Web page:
Pandemic and lockdown provide veil for government to withhold informationNepal’s political parties advocate transparency when in the opposition but ignore it while in government, observers say.
More than two months after the government imposed a lockdown in an attempt to contain the spread of Covid-19, officials have announced that around Rs 10 billion has been spent on combating the pandemic.
The federal government is said to have spent Rs 6.03 billion while the provincial and local governments spent Rs 1.08 billion and Rs 2.76 billion, respectively. Narayan Prasad Bidari, a secretary at the Office of the Prime Minister and Council of Ministers, shared that Rs 9.87 billion has been spent so far, without giving a breakdown of the expenditure.
Amid reports that quarantine facilities have not been managed properly, people in isolation centres have not got proper care and enough tests are not being carried out, the government’s announcement of the expenses running into billions has surprised many.
There was a demand for making the expenditures public from different quarters, mainly from those who had contributed to the government’s Coronavirus Control and Treatment Fund, which received Rs 2.31 billion as of Tuesday. The expenditure total was made public on the 72nd day of the lockdown.
Information rights activists say the pandemic and the never-ending lockdown have provided a shield for the government, which has chosen not to make much information public since it came to power.
Against the years-long practice, the KP Sharma Oli government stopped sharing Cabinet decisions the same day since November 11, 2018. It had been holding press meets on Thursdays but that too has stopped since mid-May.
Though government spokesperson Yubraj Khatiwada, the finance minister who is also in charge of the Ministry of Communication and Information Technology, is making the decisions public through the state-owned Nepal Television, there is no interaction with journalists.
“We stopped the press meet after an increasing threat of Covid-19. These days the government’s spokesperson is making public major decisions through Nepal Television,” Rishiram Tiwari, spokesperson for the communication ministry, told the Post.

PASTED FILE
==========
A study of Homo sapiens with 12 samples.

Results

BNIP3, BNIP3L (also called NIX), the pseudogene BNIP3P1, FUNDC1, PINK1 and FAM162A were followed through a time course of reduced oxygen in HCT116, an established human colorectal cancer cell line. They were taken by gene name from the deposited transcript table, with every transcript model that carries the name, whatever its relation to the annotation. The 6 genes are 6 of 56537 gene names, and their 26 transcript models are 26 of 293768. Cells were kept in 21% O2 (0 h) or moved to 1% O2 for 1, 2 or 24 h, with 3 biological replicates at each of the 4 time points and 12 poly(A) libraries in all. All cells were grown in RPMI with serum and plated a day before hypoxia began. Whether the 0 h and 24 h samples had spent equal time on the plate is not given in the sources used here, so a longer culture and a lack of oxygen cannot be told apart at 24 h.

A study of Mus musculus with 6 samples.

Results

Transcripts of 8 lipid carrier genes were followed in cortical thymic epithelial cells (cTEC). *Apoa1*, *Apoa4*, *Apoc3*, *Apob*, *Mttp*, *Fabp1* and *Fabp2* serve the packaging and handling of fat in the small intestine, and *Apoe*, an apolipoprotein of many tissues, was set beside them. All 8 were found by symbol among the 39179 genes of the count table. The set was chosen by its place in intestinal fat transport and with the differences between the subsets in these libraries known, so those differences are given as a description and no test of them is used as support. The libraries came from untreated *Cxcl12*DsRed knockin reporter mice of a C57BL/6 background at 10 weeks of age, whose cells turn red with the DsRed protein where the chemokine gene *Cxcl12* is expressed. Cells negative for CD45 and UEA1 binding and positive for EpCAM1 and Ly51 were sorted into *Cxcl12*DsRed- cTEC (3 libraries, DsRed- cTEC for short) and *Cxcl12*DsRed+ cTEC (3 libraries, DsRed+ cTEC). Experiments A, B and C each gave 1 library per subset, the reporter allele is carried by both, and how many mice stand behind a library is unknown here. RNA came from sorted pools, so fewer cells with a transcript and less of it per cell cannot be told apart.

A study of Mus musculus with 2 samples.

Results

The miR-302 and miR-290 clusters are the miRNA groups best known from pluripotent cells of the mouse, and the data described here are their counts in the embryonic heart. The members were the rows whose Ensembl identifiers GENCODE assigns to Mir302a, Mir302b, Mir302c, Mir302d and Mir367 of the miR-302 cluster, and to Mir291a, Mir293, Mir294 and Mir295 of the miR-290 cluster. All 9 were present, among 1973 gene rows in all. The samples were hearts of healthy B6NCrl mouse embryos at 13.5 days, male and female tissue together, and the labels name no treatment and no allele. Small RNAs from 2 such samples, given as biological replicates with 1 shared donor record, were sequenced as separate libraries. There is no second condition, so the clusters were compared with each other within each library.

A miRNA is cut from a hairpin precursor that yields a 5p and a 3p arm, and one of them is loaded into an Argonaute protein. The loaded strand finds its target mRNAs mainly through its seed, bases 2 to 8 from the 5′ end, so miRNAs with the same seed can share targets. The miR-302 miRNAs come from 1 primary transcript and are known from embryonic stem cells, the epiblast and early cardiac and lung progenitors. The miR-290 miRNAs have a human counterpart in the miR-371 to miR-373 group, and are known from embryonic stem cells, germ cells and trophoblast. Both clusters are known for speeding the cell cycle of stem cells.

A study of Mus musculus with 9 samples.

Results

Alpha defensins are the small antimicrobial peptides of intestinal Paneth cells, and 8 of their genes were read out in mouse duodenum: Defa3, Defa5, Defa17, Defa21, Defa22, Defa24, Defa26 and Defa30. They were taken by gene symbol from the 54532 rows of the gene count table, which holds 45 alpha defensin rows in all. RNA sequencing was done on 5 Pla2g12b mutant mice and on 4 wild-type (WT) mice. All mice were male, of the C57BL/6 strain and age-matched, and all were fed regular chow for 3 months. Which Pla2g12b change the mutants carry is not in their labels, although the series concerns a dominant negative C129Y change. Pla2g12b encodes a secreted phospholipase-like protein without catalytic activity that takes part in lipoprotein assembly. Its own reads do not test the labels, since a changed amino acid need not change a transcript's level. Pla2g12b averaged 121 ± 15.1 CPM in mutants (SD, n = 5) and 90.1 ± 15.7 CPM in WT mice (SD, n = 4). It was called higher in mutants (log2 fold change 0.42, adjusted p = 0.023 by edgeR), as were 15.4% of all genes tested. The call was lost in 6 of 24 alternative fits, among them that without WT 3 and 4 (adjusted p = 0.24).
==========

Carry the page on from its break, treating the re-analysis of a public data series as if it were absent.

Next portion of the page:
Advocate Tanka Aryal, a right to information campaigner, said the government is effectively imparting the information it is comfortable with, like the daily updates on the number of Covid-19 infections and the tests the Ministry of Health and Population has performed. However, the government is surprisingly silent when it comes to disclosing information about the expenditure.
“Why can't the Finance Ministry hold press meets and give details about the expenditure once a week?” Aryal questioned. “The government is giving what it wants without caring for what people want to know.”
The daily press briefings by Dr Bikash Devkota, spokesperson for the Health Ministry, also don’t reveal how many test kits have been used up and what remains in stock. Amid reports that the 20 Polymerase Chain Reaction testing labs currently in operation are overwhelmed with samples, Devkota is silent on the government’s further plan.
Aryal said the local and provincial governments are no better. He finds incidents where local governments have not allowed journalists to report about the meagre relief they were providing to the locals.
The United Nations Commissioner for Human Rights, Michelle Bachelet, issuing a statement on Wednesday, said the Asia Pacific countries including Nepal were targeting the media against the principle of freedom of expression. Cases of journalists facing obstruction from the authorities in accessing information and disseminating it are increasing in Nepal, the statement said. The Ministry of Foreign Affairs, however, said there was no truth in the statement.
Right to information activists say the government must be even more transparent at a time of crisis because everyone relies on the government to handle the emergency. On the contrary, the government is becoming more and more rigid in disseminating information, which is only adding to public frustration.
Observers say that Nepal’s political parties advocate transparency when in the opposition but forget it when they are in government. The incumbent government has tried to conceal information more.
“The pandemic and the lockdown have provided an excuse for the Oli administration to keep the people in the dark,” Tara Nath Dahal, chief executive at Freedom Forum, a non-government organisation that advocates the right to information, told the Post. “This also has come as a boon to hide its incompetencies.”